The door to my prison cell is open, but I did not open it. The guard is dead, but I did not kill him. Instead of music, there is silence, and I am transfixed by my own fear as I hesitantly creep from the jail.
The numbered walls are rent with claw marks. Bodies are everywhere: slumped by bookshelves, crumpled under desks, flung against doorways. Suddenly, from somewhere close, a ghostly violin begins a stagnant and mournful un-melody. Warily, I tiptoe on.
Hojo's Lab shows signs of struggle. Shards of glass are everywhere, and lying a few feet from the dais is a mutilated guard. The door to the holding tank is gone, ripped aside and crushed like so much paper; in its place glows a strange Mako light that is simultaneously pink and green. But Jenova - Jenova has evaporated, disappeared but not without a trace: she has crawled out of the laboratory, onto the elevator, and up, and up, and up, leaving behind a wide and thick river of dried blood.
I know I have to follow. I do not want to.
With the taste of metal in my mouth, I slowly wind my way up the abandoned staircases of Shinra Tower, up to where something beastly inevitably lurks, something that has carved out such destruction, that has painted a trail so horrible and long, that has murdered all of these people, something that waits with Sephiroth and Jenova and who knows what other Mako monstrosities to kill me too, something evil and desperate and unknown.
This is one of the most terrifying moments of my life.
Yes, it was a scene from FFVII, which is an RPG - and not a particularly scary one, either. But in the five years since I first played the game, I've yet to encounter a moment more frightening. I still have nightmares occasionally where I am following a bloody purple carpet, wading among the dead. Ascending those stained staircases in Shinra Tower messed me up for life.
But why? What is it that makes a scary game truly scary, and why do so few games succeed at the task?
It's easy to pinpoint the tactics that don't work; for instance: some games attempt to frighten the player by hurling armies of skeletons, mummies, and zombies in her general direction. These can be fun games, of course, but they rarely accomplish their primary directive - that is, to be scary - because they don't take it seriously enough. If creating a horror game were as easy as cobbling together an army of appropriately spooky monsters, then Stubbs the Zombie would be The Exorcist of video games. Zombies alone just aren't scary, no matter how grotesque their rotting flesh.
Other games try to scare the player by drenching the screen in gore - the basic premise being that if only enough blood is squirted about, then the gamer has no choice but to be frightened. Remember House of the Dead? There was so much blood in that game that even a vampire would feel slightly grossed out. Yet, rather being frightened by the airborne body parts, the player is merely disgusted. (That is, up to a certain point - then it just becomes funny). Game developers, if you're trying to build fear, here's a rule of thumb: when it comes to body parts exploding into showers of gristle and blood, less is always more.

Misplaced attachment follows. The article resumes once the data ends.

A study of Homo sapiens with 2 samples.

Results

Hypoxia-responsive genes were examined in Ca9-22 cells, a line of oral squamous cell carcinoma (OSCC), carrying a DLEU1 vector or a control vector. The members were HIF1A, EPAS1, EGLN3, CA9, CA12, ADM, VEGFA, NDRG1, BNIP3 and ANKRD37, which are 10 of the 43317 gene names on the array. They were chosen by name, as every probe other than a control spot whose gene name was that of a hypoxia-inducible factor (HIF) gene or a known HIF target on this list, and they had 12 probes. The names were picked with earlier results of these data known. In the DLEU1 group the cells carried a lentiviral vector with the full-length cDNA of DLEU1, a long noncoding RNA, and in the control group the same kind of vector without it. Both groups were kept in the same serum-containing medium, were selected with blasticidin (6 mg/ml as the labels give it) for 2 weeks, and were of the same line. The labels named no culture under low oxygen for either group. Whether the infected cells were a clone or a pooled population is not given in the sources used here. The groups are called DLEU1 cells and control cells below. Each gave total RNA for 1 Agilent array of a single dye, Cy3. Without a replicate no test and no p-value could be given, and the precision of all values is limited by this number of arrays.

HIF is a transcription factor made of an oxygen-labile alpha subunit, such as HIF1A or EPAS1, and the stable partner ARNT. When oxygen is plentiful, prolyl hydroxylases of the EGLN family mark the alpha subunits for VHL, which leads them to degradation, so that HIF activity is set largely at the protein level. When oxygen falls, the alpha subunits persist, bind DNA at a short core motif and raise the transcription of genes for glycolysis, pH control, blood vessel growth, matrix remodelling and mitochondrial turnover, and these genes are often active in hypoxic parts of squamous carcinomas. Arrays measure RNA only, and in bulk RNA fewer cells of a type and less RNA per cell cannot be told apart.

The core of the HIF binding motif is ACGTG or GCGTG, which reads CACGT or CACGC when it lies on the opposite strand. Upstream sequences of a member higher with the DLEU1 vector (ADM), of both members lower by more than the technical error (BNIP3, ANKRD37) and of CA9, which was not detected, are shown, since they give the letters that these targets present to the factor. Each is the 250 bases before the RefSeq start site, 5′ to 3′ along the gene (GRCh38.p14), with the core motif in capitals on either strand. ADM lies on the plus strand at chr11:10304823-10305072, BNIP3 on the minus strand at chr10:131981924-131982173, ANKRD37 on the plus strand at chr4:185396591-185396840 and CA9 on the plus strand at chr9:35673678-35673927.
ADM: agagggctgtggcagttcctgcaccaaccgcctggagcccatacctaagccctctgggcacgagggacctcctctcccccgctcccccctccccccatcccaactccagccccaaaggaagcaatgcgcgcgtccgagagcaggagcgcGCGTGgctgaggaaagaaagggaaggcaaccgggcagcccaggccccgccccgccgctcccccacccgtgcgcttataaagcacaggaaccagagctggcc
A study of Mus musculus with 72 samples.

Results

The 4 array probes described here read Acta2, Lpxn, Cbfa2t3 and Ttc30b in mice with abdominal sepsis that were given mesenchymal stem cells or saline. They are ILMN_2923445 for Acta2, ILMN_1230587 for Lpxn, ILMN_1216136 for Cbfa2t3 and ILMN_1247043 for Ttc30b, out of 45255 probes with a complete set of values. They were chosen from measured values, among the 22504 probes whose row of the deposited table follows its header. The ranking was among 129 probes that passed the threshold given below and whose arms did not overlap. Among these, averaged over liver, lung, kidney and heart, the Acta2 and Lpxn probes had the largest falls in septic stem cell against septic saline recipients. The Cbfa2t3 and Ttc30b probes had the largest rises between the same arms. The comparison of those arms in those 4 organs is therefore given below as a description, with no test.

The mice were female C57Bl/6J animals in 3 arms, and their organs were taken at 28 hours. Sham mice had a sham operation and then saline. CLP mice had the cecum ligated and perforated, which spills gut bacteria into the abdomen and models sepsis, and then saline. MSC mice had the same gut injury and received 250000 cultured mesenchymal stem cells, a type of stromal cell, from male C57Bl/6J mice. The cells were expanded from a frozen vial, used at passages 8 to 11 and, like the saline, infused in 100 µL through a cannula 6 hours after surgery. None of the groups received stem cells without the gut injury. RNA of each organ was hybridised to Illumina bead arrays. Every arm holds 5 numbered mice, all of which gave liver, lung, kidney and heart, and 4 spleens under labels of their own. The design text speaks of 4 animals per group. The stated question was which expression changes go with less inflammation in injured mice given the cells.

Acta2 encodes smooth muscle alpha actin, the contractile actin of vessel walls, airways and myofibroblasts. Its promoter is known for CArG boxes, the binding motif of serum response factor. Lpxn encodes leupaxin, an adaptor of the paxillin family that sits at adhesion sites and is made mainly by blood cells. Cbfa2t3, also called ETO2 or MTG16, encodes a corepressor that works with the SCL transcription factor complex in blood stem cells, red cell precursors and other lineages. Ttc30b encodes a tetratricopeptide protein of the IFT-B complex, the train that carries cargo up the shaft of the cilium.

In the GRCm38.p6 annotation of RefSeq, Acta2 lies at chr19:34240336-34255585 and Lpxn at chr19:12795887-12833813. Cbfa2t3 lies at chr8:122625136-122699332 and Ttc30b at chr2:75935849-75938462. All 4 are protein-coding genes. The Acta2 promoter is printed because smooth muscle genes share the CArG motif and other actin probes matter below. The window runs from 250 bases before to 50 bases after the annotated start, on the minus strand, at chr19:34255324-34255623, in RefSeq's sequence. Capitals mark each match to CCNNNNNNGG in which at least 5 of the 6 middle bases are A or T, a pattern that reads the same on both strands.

However, the most common miscalculation in creating terror, I think, is an over-reliance on spooky atmosphere. Resident Evil 0 had all the elements of a frightening game: ripped curtains, ill-lit hallways, dim fog, shadows flickering in the dust. It even had a Phantom Train. However, I was moved by RE0's atmosphere as much I would be by, oh, say, a particularly ominous grove of cacti. Dusty windows and ill-kept furniture are rarely spine-chilling - unless, of course, you are my stepmother.
These tactics fail because they demonstrate creative laziness. Terror is more than just the sum of appropriate parts. It can't be demanded of a gamer; it must be earned.
What makes a successful horror game are not legions of scary monsters or buckets of blood or asthma-inducing atmospheres; true horror originates by carefully manipulating our fear of the unknown. The phobia is universal; humans are utterly terrified of not-knowing. When we don't have the answer to a question, we just make it up, because any answer is better than no answer. The tragedy is that what we construct in our minds is inevitably more terrible than whatever the truth may be. Skillful horror games effectively probe this response, building upon our ignorance an entire framework for fright while, at the same time, relinquishing control of that fear to the players themselves. Good horror games let us scare ourselves.
The reason I found Shinra Tower so frightening was that I had no idea what awaited me at the top. Since I'd spent the previous seven hours hearing vague whispers of the name Sephiroth, I guessed it might be him on the 70th floor, but where did that leave me? In all my time in Midgar City, I'd never learned anything actually useful about the man. What did he look like? What weapon did he wield? What did he eat for breakfast? The lack of information made me uneasy, insecure. In my unrest, I postulated all sorts of ideas about Sephiroth and his mythic powers, each one more fanciful and pessimistic than the last, none of which could be confirmed or denied. And then, just when I think I'm about to get some answers, just when I can't possibly be more confused - instead of explanation, I get a blood-stained carpet to follow.
Goddamn Shinra Tower. Goddamn game. Messed me up for life.